This is not a game recap.
A game recap goes like this: The Boston Bruins, the team with the 5th most points in the NHL, shut out the Buffalo Sabres, the team with the 5th fewest points in the NHL, by a score of 2-0. This is an exact quote from my girlfriend, who attended tonight’s game with me: “What are you supposed to write? The Sabres didn’t do anything. None of them did their jobs.” That my friends is the game summary.
Saturday’s loss to the Washington Capitals was frustrating, as to how close the Sabres were to moving towards a playoff spot with a victory. Tonight’s loss was again frustrating, considering how close the Sabres could have been to getting towards a playoff spot with another victory. Despite the back-to-back losses, the Sabres are STILL only 3 points away from the final playoff spot. But, don’t kid yourselves folks, this team is not a playoff team.
When the first period ended in a scoreless tie, Buffalo was still in the game. When the second period ended in a scoreless tie, the Sabres were still in the game. Then David Krejci scored with 8 minutes left in the third period followed up by Nathan Horton’s goal to seal the game 3 minutes later.
Throughout the game, the Sabres were listless. Lifeless. Lackadaisical. Effortless. Emotionless. Empty.
Various members of the team played as if they were hoping for the same fate as Jordan Leopold; being traded to a playoff-bound team, rather than fighting for a playoff spot with their current team. The pitiful and putrid power-play went 0-4 on the night. The team appeared exasperated, and looked like they were waiting for a mystical savior to appear on the ice and rescue them, reinvigorate them, resurrect them. Not on this Easter.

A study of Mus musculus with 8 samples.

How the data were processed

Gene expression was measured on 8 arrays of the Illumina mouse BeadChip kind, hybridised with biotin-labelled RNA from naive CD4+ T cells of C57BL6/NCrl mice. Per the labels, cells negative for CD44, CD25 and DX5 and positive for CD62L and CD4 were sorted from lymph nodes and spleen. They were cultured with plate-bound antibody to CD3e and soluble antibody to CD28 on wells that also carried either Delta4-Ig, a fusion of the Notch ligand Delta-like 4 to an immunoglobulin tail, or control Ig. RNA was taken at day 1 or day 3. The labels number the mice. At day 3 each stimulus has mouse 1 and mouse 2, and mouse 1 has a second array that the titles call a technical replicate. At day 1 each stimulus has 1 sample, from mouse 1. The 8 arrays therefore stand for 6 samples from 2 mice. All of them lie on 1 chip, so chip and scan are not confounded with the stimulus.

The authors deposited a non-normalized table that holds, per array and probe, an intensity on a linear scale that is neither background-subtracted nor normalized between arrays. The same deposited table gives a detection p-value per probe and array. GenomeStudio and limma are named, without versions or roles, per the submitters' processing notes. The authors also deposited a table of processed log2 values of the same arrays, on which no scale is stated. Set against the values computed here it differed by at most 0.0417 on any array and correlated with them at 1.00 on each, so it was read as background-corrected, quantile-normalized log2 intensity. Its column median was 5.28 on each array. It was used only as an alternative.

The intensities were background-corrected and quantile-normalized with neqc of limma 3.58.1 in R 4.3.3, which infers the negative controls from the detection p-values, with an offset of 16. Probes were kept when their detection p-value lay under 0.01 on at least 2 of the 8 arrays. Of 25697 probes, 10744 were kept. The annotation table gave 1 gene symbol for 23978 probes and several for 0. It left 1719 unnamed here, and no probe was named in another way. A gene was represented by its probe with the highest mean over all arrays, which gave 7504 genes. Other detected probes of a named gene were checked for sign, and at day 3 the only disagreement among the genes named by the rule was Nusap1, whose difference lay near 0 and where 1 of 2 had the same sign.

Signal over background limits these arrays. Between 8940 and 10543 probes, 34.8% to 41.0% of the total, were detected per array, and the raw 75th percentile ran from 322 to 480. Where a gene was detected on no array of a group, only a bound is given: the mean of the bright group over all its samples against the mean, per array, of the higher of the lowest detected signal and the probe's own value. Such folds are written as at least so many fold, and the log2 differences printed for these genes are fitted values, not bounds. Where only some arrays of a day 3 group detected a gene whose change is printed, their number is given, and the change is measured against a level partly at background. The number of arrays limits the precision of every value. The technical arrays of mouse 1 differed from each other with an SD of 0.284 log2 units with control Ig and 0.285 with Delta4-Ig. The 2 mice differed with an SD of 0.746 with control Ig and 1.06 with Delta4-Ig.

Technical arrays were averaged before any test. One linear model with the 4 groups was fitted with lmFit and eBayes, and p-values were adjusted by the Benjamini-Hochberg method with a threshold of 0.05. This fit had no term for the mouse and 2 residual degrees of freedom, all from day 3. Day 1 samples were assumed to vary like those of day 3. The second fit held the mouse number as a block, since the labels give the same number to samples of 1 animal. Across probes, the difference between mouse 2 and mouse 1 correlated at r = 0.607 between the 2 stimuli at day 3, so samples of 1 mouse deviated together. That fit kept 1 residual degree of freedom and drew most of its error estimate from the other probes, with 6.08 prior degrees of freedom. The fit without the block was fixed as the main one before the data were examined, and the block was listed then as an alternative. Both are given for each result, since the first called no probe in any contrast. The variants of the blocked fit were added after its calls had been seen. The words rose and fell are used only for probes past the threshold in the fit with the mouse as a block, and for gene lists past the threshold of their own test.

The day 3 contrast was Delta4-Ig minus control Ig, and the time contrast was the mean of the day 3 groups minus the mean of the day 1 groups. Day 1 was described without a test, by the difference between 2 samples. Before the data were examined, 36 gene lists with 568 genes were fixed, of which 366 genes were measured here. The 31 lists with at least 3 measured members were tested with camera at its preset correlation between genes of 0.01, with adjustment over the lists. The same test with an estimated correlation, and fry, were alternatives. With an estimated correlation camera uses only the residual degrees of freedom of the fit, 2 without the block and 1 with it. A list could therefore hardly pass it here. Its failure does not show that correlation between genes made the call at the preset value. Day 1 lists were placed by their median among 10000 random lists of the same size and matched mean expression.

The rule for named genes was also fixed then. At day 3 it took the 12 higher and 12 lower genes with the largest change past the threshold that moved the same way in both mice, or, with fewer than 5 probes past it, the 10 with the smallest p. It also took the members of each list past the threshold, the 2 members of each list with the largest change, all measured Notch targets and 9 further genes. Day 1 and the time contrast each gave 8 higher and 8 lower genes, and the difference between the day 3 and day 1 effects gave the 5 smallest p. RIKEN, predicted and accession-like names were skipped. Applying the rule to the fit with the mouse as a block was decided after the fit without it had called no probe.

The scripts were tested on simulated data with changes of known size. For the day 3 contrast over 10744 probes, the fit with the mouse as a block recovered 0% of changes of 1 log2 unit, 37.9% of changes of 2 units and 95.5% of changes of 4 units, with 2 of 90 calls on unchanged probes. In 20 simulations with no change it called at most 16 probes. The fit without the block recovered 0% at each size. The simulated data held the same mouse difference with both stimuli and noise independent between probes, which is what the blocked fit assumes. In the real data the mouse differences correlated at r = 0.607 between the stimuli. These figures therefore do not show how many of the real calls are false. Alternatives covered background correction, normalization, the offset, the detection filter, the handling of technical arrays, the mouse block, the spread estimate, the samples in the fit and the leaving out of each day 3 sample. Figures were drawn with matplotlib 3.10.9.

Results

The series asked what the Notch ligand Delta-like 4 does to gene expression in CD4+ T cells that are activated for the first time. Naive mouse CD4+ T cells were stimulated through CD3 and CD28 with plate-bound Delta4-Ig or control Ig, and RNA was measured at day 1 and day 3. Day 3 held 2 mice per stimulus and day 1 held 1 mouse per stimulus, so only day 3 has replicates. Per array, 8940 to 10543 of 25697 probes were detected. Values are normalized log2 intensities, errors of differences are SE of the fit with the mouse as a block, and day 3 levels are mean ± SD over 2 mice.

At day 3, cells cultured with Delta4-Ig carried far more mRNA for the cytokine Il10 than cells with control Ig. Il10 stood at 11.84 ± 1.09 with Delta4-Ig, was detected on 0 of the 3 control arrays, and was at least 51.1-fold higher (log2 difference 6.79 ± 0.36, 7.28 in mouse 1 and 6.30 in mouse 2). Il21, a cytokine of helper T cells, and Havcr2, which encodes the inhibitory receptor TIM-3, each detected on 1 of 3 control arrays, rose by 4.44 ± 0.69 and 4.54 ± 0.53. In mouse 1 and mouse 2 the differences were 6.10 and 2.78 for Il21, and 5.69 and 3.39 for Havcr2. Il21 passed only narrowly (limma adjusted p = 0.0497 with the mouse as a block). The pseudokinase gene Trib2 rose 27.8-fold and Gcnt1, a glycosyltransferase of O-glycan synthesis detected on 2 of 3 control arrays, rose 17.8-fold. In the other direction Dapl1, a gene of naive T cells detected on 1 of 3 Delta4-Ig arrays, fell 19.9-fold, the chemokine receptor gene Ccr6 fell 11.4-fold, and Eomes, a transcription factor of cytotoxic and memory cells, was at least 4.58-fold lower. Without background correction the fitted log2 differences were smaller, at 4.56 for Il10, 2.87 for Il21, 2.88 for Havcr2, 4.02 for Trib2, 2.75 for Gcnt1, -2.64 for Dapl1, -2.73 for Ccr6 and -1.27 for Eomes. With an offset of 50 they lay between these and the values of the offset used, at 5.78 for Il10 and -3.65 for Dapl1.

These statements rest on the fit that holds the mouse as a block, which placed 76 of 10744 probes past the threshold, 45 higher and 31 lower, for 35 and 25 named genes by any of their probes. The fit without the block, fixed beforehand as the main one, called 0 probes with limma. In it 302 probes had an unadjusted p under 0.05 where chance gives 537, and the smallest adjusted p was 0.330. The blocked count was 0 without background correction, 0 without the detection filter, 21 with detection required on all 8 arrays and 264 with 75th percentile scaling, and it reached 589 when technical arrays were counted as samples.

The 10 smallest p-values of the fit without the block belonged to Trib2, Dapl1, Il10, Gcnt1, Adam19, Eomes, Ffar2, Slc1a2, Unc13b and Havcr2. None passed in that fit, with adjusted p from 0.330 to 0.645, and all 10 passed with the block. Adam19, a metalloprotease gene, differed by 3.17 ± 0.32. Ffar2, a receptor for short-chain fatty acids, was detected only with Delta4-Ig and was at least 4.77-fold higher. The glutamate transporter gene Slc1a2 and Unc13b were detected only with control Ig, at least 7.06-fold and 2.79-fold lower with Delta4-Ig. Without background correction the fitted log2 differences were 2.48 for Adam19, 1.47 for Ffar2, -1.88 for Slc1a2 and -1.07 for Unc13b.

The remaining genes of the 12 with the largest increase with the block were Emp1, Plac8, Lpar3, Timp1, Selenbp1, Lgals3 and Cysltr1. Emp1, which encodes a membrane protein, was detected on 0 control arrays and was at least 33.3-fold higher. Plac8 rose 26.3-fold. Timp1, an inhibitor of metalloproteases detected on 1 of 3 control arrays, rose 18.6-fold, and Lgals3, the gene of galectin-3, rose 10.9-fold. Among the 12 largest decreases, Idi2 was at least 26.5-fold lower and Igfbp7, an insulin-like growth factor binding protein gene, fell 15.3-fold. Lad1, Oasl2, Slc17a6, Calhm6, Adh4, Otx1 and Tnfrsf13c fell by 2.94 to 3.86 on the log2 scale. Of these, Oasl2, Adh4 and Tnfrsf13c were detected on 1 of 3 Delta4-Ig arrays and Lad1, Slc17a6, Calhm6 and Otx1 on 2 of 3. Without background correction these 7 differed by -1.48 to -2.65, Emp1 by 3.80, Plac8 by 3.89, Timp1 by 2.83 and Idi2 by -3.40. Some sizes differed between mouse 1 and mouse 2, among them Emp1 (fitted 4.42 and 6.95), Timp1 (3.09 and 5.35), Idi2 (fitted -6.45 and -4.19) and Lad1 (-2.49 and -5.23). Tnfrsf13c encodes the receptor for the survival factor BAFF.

The lack of intensity seemed to translate itself to the crowd, as the fans at First Niagara Center were very quiet, very dead. I heard ‘Lets Go Bruins’ chants; I did not hear a ‘Lets Go Buffalo’ chant once.
Even though there are 12 games to go, it may be time for this club to officially throw in the towel, trade who they can for some prospects and draft picks and focus on a rebuild. As much as I would like to them to be victorious, and see a playoff series, the players themselves seem disinterested in working together, as a team. It is very evident that multiple members of the Sabres are talented in their own rights having their own roles and skills, but they are simply unable to combine them and work as a team, driven together towards a goal.
The ‘maybe next game’ phrases is running out of time. In just a few weeks, it will become ‘maybe next season.’